We have seen the future of securities and it is tokenised
Security tokens are coming. In fact, they are here already, and have been for a while. Though most of the security token offerings (STOs) in the last three years were hard to distinguish from Initial Coin Offerings (ICOs), several corporates and banks (Banco Santander, Bank of China, BBV, Daimler, Deutsche Bank, Société Générale) have tokenised bonds or loans on public as well as private blockchain networks.
A number of blockchain-based tokenisation platforms, many of which began in the ICO market, have survived and evolved. Their initial targets are illiquid assets such as corporate bonds, real estate, fine art, collectibles and private securities or private equity, but they also have the conventional equity and bond markets in view.
They have good reasons to be optimistic. Blockchain technologies have evolved to overcome the speed and security concerns that used to make it easy for incumbents to dismiss the idea of blockchain-based tokenisation platforms. The obvious advantage tokenisation brings to illiquid assets – namely liquidity, achieved by fractionalisation – is valid for existing securities as well. Tokens are also flexible enough to be applied to any income stream, bringing the predictable cash flows of infrastructural and energy projects within the scope of tokenisation.
On-boarding issuers and investors can be accelerated through automation of Know Your Client (KYC), Anti Money Laundering (AML), Countering the Financing of Terrorism (CFT) and sanctions screening checks. Tokens can be traded on automated platforms 24/7/365. Settlement by delivery against payment can be instantaneous rather than postponed for three days. The register of token holders will be updated in real-time. Fee-deducting intermediaries, such as central securities depositories (CSDs) and custodian banks, can be replaced by digital wallets.
Issuance, trading, settlement and custody costs will all be lower. The use of smart contracts can automate the servicing of tokens, in terms of income collection, voting rights, pre-emption rights, tax reclaims, takeover offers and redemptions. Tokens can even be programmed to meet regulatory demands, such as distributing to eligible investors only.
These benefits are increasingly well-understood, but the security token markets are still nascent. Liquidity is a self-fulfilling trend, but hard to achieve. In fact, one reason tokenisation platforms focus on illiquid assets is that any degree of liquidity is an improvement there.
At this stage in their development, without the transactional volumes and price formation needed to fuel the indices and derivative instruments that drive professional trading activity, the best way to grow security markets is simply by attracting institutional investors. That means lowering their risk of participation. The Initial Coin Offering (ICO) boom of 2017-18 discredited tokenisation in the estimation of many potential issuers, investors and advisers, and the current DeFI token boom looks like a re-run of the ICO bubble.
However, both bubbles have accelerated technological developments, not least by attracting high calibre developers. Indeed, the ICO and DeFi booms have, alongside a great deal of waste and wasted effort, driven the improvements to blockchain technology. Like any investment mania, DeFi is a magnet for talented people and a residue of useful innovations will remain long after the errors of optimism and the scams are forgotten.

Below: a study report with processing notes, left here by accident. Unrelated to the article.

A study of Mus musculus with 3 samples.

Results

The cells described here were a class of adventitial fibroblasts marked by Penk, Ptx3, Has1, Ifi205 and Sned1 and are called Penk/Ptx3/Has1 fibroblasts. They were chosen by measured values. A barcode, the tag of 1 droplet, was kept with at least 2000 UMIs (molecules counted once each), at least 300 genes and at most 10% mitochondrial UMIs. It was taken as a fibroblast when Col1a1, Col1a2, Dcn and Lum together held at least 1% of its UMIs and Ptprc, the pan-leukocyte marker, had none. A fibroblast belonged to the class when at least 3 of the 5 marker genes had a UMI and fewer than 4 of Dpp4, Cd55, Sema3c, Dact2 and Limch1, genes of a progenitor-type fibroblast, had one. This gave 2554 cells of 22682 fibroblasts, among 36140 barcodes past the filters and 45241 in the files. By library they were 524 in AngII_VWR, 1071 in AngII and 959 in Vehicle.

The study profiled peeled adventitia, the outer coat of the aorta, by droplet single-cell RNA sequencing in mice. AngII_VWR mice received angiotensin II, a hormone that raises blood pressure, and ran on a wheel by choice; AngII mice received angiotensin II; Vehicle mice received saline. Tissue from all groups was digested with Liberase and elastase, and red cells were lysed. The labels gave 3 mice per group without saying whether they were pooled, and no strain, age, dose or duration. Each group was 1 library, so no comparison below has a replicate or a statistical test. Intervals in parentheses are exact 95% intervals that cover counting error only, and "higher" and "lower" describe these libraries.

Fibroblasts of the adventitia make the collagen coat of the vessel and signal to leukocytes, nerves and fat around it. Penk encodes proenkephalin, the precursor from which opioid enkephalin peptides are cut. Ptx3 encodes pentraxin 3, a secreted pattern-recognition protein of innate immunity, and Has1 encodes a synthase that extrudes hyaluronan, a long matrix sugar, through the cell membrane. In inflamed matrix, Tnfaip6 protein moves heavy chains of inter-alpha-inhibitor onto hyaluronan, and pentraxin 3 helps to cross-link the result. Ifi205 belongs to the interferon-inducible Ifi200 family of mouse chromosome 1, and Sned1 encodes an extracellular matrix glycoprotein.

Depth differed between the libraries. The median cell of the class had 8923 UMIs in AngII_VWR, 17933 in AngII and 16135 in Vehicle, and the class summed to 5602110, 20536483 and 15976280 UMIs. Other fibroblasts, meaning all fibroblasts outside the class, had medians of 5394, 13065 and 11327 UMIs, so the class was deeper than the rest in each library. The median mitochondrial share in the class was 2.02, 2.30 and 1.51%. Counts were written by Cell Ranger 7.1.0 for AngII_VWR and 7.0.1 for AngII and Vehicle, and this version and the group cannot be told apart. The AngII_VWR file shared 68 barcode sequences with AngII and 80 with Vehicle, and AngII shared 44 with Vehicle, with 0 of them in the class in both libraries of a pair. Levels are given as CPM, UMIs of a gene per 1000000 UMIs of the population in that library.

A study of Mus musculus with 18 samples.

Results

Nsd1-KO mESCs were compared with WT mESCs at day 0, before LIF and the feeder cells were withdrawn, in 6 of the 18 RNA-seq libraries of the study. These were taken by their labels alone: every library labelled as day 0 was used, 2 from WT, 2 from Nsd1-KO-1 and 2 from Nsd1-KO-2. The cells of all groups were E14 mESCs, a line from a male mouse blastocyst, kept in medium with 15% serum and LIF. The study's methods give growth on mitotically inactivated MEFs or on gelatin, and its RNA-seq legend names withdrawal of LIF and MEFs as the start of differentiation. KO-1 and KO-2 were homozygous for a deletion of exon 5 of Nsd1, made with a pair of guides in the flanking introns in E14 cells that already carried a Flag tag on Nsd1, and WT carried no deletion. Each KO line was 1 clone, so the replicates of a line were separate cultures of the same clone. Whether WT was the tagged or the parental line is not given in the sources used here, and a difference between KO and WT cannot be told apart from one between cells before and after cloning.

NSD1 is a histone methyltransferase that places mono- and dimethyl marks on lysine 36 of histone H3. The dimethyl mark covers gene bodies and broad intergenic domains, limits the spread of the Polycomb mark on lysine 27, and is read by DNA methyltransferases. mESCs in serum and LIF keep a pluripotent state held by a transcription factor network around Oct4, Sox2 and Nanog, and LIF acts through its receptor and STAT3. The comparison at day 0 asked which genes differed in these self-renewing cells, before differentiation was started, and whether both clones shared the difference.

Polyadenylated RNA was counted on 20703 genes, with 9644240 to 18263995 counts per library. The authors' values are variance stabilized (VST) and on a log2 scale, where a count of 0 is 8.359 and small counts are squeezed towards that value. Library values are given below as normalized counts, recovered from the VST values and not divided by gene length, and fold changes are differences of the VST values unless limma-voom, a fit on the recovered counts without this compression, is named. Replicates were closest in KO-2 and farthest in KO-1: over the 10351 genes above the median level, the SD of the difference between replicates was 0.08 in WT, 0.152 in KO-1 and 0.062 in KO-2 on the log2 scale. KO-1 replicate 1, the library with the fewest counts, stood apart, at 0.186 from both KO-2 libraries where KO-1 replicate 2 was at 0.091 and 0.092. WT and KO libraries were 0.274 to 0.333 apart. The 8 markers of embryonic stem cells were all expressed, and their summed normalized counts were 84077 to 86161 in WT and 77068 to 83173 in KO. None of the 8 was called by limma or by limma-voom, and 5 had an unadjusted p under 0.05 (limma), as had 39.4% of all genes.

Rising institutional interest in Bitcoin indicates investor attitudes have grasped this. At a time of deep monetary uncertainty, Bitcoin is attracting institutional money as a hedge against inflation, an uncorrelated asset and as an alternative to buying gold. Investing in Bitcoin is simultaneously habituating investors to the operational demands of taking delivery, booking and holding tokenised assets.
Multiple platforms now offer a digital wallet to investors that do not have one, plus automated asset servicing. Payment tokens (including Stablecoins) provide a stop-gap solution to settlement of the cash leg of token transactions on tokenisation platforms until Central Bank Digital Currencies (CBDCs) become available.
The need to pre-fund settlement accounts is being alleviated by collateralised credit. Military-grade custody solutions are available, dissipating institutional folk-memories of the notorious hacks of crypto-currency exchanges. Tokens that are stolen can now be destroyed before their value is realised. There are regulated (and even listed) intermediaries available for institutional investors to work with. Asset managers are providing vehicles that allow institutions to invest in tokens indirectly, obviating the need for third party service providers at all.
For trading houses, technologies that link existing sell-side trading applications to multiple token trading platforms are available. For issuers, origination, structuring and syndication groups that look like old-fashioned corporate finance teams at an investment bank are available, while platforms automate issuance and distribution to the wallets of eligible investors. There is even a technical standard for token design features (ERC-20) and it is widely used, not least because it makes new issues easier.
Law firms have developed teams that understand the evolving legal and regulatory environment. Indeed, the main obstacle to institutional interest – the uncertain legal and regulatory status of security tokens – is now being cleared. Regulators in Europe, Asia and North America are positively encouraging STO experimentation. Several jurisdictions have adapted securities regulations to accommodate tokens or passed full-fledged security token laws. Sufficient experiments have taken place in progressive jurisdictions to prove that the technology can work within the rules. All that remains is an issuer and an investor bold enough to risk starting an avalanche.